Monthly Archives: June 2019

Tournesol

The traveller who crossed the Halles at the end of summer
Was walking on her tiptoes
And across the sky despair furled its big calla lilies such beauties
And in the handbag was my dream that bottle of salt
Solely breathed by God’s godmother
Torpors spread out like steam
At Chien qui Fume
Where pro and con had just entered
The young woman could be seen only poorly and in profile
Was I dealing with the ambassadress of saltpeter
Or the white curve against the black background which we call thought
The ball of the innocents was in full swing
The lanterns caught fire slowly in the chestnut trees
The lady who cast no shadow knelt down on the Pont au Change
In Rue Gît-le-Cœur the pealing was no longer the same
Night’s promises were kept at last
The carrier pigeons the emergency kisses
Joined with the beautiful unknown one’s breast
Thrusting under the crepe of perfect meanings
A farm prospered in the midst of Paris
And its windows looked out on the Milky Way
But no one was living in it on account of the guests
The guests that one knows are more devoted than ghosts
The ones like that woman seemed to be swimming
And into love there enters a little of their substance
She takes them in
I am not the plaything of any sensory power
And yet the cricket that sang in the ashen hair
One evening near the statue of Etienne Marcel
Shot me a knowing glance
André Breton it said may pass through

André Breton, 1923
translation by John Hayes


 

 

 


 

Rubus Armeniacus (Himalayan blackberry)

“Rubus Armeniacus is an exemplary political decoration, a nutritious ornament that clandestinely modifies infrastructural morphology. Here, affect invades the center. Rubus inverts and puns upon the proprietous subordination of affective expenditure to intelligence. Tracing a mortal palimpsest of potential surfaces in acutely compromised situations, Rubus shows us how to invent. This is the serious calling of style.”

– Office for Soft Architecture, Rubus Armeniacus: A Common Architectural Motif in the Temperate Mesophytic Region (Cabinet Magazine, Issue 6 Horticulture, Spring 2002)

 

Decoration is a poetic and political force. Though the Arts and Crafts movement advocated for decoration’s importance, the decorative arts succumbed to society’s shift towards machine production and division of labor. The result was the chastening of decorative arts into “design” – a cultural form that became inextricably linked with the growth of capitalism. Modernism’s disavowal of ornamentation engendered a negative relationship between Western architecture and anything that could be thought of as “decorative”. Recently, decoration has been somewhat rehabilitated as a concept in art and architecture, but it remains politically fraught.

To decorate one’s home is an artistic practice, but it is always situated in the economy and the pursuit of exchange value. Interior decorating displays one’s taste and style through the collection and curation of objects and furnishings. The formal focus of Modernist discourse often obscured hidden layers of social and economic determinants, but decoration always has some political content. Through consumer culture, home decoration posits the inhabitant within the field of social capital as a means to justify materialism. It is not a mere visual spectacle. It is also a mechanism that reinforces and disseminates the encoding of socio-political structures, and thus reifies capitalist ideologies. Decoration facilitates and reproduces privileges and class status and with that, exclusion.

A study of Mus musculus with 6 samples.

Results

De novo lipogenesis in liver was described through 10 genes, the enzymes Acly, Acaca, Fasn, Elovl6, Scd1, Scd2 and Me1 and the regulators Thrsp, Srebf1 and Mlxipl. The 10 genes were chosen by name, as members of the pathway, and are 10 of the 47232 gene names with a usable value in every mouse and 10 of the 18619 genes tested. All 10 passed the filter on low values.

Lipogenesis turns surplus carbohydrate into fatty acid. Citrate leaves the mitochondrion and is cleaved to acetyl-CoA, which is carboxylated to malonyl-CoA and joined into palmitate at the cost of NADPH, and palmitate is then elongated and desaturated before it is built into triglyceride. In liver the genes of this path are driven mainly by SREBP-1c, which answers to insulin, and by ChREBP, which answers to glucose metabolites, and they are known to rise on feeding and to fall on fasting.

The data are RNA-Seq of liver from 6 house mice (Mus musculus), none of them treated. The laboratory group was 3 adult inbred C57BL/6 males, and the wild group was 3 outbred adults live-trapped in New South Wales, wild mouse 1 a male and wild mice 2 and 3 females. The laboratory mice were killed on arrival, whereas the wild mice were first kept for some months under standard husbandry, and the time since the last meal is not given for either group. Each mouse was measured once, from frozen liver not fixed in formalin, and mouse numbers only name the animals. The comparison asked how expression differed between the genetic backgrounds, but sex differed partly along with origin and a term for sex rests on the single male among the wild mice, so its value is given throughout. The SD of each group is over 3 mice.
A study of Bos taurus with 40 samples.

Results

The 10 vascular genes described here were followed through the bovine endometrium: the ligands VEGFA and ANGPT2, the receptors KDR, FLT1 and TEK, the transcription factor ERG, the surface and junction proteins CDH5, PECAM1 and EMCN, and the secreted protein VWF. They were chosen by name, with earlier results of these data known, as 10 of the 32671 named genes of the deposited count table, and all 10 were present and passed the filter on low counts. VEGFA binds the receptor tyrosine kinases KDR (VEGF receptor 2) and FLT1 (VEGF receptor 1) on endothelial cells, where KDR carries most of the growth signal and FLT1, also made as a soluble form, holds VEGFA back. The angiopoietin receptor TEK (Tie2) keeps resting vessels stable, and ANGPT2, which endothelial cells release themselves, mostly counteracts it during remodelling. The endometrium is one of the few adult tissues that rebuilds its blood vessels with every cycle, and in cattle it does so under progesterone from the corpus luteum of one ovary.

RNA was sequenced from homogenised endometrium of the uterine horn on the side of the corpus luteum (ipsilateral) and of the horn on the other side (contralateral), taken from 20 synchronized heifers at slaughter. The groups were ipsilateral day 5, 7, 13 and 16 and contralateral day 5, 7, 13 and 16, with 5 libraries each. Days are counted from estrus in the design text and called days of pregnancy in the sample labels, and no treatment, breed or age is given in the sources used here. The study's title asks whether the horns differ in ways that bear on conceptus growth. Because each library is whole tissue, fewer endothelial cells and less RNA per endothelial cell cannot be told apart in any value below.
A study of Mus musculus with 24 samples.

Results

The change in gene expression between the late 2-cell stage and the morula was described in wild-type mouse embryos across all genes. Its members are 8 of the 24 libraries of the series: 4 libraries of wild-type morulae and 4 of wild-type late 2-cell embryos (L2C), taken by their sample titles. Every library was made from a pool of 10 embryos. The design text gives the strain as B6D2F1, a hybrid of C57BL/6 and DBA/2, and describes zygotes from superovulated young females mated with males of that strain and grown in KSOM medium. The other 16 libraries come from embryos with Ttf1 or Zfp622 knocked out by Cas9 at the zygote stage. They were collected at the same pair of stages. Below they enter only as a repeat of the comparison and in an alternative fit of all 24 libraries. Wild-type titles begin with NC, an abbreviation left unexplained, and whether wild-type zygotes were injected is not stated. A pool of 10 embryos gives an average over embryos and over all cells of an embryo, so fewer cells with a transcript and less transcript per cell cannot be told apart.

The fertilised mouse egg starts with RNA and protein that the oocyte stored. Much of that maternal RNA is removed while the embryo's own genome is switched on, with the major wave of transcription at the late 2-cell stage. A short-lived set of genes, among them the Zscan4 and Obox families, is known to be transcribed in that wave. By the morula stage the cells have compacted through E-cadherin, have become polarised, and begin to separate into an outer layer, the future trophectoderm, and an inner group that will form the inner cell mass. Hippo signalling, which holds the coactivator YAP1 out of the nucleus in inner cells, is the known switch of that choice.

Today, the domestic environment can be considered one of the primary sites where radical change is taking place in everyday life. We exist in a moment in which we are able to reassess the line between leisure and labor. Like many activities today, decorating is both pastime and work. It’s a hobby that makes home life more pleasurable, while at the same time adding to the value of one’s financial and social capital, bolstering the overall value of the home.

Rubus Armeniacus (Himalayan blackberry) presents works by nine artists and architects. The works offer ways to understand the rapid social, economic, and environmental shifts our increasingly neoliberal society is undergoing today, and attempts to unpack the implications of decoration as a carrier of both personal and political meaning.


Curated by Jessica Kwok

 

Jessica’s Apartment is open by appointment only To schedule an appointment: email jessica.s.kwok@gmail.com or call +1 (347) 443-3549 For press inquiries: email jessica.s.kwok@gmail.com


Untitled (Buffaloes), 1994

 

David Wojnarowicz was an artist, writer and AIDS activist who fought societal homophobia with his art. His work is pervaded by the frustration of not being able to belong to what was considered beautiful and fair. This position continually fluctuates between the desperate desire to be loved and the irresistible attraction to all that society condemns: homosexuality, sexual promiscuity, drugs, rebellion. So, let’s celebrate this month with some of his touchings words from his “Close to the Knives”,

“In loving him, I saw a cigarette between the fingers of a hand, smoke blowing backwards into the room and sputtering planes diving low through the clouds. In loving him, I saw men encouraging each other to lay down their arms. In loving him, I saw small-town laborers creating excavations that other men spend their lives trying to fill. In loving him, I saw moving films of stone buildings; I saw a hand in prison dragging snow in from the sill. In loving him, I saw great houses being erected that would soon slide into the waiting and stirring seas. I saw him freeing me from the silences of the interior life”.